Two weeks ago, I joined a movie seminar that was held in my campus by Communication Studies students called “College Cinema”. We were watching and discussing short movies with the producer himself, Bayu Prihantoro Filemon.
Bayu Prihantoro Filemon is a 31-year-old Indonesian cinematographer originated from Central Java (Jogjakarta). He looks exactly like your typical idea of how a movie producer should look like, with unruly hair, flannel shirts, goatee, and all. During the seminar, we got the chance to watch two of his short movies: On the Origin of Fear and Kitorang Basudara.
Kitorang Basudara tells the attempt of a young man from Papua in finding dormitory/housing for his brother. The movie showcases the racism that is still happening towards a certain race, even in Yogyakarta, one of the most tolerant cities in Indonesia. The young man undergoes difficulties in finding a dormitory that is willing to receive a freshman coming from Papua. Many of the dorm-owners refuse to accept his brother due to biased thoughts and prejudice regarding Papua men. People from Papua are depicted as brash or unethical by the Javanese people in the movie. The brother’s naive and genuine personalities get overlooked just because he comes from Papua. That’s just straight racism.
On the Origin of Fear is truly such a brilliant short movie. Although it only uses one character (played by Pritt Timothy), it’s still incredible. The movie, which takes place in the 1980s, is about Darto (Pritt Timothy) who has to do dubbing/voice over based on the characters in Pengkhianatan G30S/PKI film. Pengkhianatan G30S/PKI is a 1980s movie by Arifin C. Noer, which was used by President Soeharto as a propaganda to increase the hatred towards PKI, the communist party at that time. Every 30 September between 1980s to 1990s, Pengkhianatan G30S/PKI was broadcasted by the national TV programming. Indonesians, even those who were still little, had to watch the whole film from the beginning to the end. On the Origin of Fear immutably brings the haunting memory of bloodshed brutality that was happening during Soeharto’s totalitarian regime in Indonesia. The brilliancy of the movie itself can be seen through Pritt’s acting — he voices both the oppressor (sergeant) and the oppressed (the party member) at the same time. To feel the agony of the oppressed, Pritt has to literally hurt himself by slapping several parts of his body. Most prominent quote from the movie is “Merah, Darah, seperti Amarah (Red, Blood, like Anger)”. The name of the movie itself, On the Origin of Fear, portrays Bayu’s own terror towards watching Pengkhianatan G30s/PKI every single year during his childhood.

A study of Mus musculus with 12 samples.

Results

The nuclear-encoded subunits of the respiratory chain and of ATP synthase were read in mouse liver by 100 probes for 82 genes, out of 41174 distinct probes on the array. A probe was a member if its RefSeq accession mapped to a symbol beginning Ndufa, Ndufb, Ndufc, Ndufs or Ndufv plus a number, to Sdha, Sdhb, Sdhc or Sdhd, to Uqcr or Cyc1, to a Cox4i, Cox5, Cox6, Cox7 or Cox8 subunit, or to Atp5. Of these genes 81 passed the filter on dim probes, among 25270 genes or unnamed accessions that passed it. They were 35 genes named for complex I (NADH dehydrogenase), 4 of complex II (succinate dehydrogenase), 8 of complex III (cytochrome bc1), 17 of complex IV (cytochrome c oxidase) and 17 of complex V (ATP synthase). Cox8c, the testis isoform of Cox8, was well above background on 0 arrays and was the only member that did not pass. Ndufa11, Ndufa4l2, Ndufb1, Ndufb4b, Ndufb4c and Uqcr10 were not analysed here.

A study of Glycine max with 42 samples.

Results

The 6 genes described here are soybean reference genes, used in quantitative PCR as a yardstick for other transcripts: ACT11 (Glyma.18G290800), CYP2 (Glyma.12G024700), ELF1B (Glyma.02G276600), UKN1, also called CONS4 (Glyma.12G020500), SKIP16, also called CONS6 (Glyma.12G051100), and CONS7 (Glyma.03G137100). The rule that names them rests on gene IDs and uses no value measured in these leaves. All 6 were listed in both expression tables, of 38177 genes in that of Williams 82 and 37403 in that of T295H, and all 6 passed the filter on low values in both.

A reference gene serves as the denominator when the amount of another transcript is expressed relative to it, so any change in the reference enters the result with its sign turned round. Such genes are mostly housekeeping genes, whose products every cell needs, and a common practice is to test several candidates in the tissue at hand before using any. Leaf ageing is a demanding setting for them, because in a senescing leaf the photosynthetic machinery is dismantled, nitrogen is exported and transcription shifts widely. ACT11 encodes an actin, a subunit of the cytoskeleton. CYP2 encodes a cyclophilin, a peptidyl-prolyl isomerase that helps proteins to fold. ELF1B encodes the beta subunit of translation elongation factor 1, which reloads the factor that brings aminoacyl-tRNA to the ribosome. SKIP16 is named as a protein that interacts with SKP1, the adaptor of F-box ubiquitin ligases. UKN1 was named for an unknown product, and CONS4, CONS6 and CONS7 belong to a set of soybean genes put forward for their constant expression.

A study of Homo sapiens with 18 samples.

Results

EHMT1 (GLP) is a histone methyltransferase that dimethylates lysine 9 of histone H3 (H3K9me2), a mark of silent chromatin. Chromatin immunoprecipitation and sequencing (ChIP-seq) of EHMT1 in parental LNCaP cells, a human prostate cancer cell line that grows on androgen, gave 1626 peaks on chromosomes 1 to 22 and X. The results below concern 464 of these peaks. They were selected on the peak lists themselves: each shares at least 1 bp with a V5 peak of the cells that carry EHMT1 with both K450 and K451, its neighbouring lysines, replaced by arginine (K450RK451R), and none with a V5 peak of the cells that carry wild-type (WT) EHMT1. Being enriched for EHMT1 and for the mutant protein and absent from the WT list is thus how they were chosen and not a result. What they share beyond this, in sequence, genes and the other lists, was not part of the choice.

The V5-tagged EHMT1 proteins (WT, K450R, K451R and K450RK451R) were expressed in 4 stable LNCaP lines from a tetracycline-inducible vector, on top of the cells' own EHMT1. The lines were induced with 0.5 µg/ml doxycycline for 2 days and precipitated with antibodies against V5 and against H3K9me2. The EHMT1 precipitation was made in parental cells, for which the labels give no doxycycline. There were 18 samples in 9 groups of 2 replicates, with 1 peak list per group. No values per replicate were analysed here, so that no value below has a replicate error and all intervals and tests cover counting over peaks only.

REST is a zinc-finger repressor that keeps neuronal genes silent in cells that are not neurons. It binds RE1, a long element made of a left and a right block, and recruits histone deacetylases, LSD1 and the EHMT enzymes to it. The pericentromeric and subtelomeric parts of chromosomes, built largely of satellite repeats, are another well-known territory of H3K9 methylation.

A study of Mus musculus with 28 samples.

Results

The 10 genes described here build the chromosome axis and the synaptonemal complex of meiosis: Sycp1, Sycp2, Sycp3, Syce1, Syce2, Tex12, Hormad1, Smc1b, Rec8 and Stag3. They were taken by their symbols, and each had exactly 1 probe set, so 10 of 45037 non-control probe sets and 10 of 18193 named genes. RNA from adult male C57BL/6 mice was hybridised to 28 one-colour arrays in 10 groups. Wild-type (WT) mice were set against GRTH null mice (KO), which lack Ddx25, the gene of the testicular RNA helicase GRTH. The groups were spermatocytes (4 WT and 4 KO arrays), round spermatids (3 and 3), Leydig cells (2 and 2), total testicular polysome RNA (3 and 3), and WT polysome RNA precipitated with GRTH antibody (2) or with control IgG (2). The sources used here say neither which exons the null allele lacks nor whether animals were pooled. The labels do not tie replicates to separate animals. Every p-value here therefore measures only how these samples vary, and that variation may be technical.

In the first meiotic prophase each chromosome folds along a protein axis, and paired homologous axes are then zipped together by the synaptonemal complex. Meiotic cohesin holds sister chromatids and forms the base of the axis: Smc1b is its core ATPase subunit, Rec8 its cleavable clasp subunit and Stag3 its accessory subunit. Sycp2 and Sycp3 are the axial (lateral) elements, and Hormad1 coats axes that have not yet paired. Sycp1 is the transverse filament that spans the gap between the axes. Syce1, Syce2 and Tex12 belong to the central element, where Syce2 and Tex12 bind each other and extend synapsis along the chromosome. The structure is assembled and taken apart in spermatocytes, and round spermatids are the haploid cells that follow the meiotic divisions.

For the people who keep degrading local movies, you really should change your mindset. Bayu’s movies are praised in international events, from Toronto to Venice film festivals. Impressive, isn’t it? During the movie discussion, I listened to a woman’s story about how she was extremely frightened when watching Pengkhianatan G30S/PKI movie, as she knew several innocent people who suddenly disappeared due to brutal killings during Soeharto’s regime. Bayu’s On the Origin of Fear reminded her of those unpleasant memory that truly happened right before her very own eyes. I myself only know the story about G30S/PKI from history textbooks.. I did not realize how incredibly horrifying Soeharto’s terror was to Indonesian people at that time. A student asked Bayu regarding the movie Kitorang Besaudara, “Why would you make the ending be so meaningless like that?”. Basically, this girl did not agree with the ending of the movie, which I thought was just fine. Bayu replied by asking back, “Why would you disregard the whole meaning and moral stories of the movie, just because you dislike the ending?“. Bayu talked eloquently and elaborated some movie scenes for the rest of the discussion; I could not help but stare at him as if he was a god.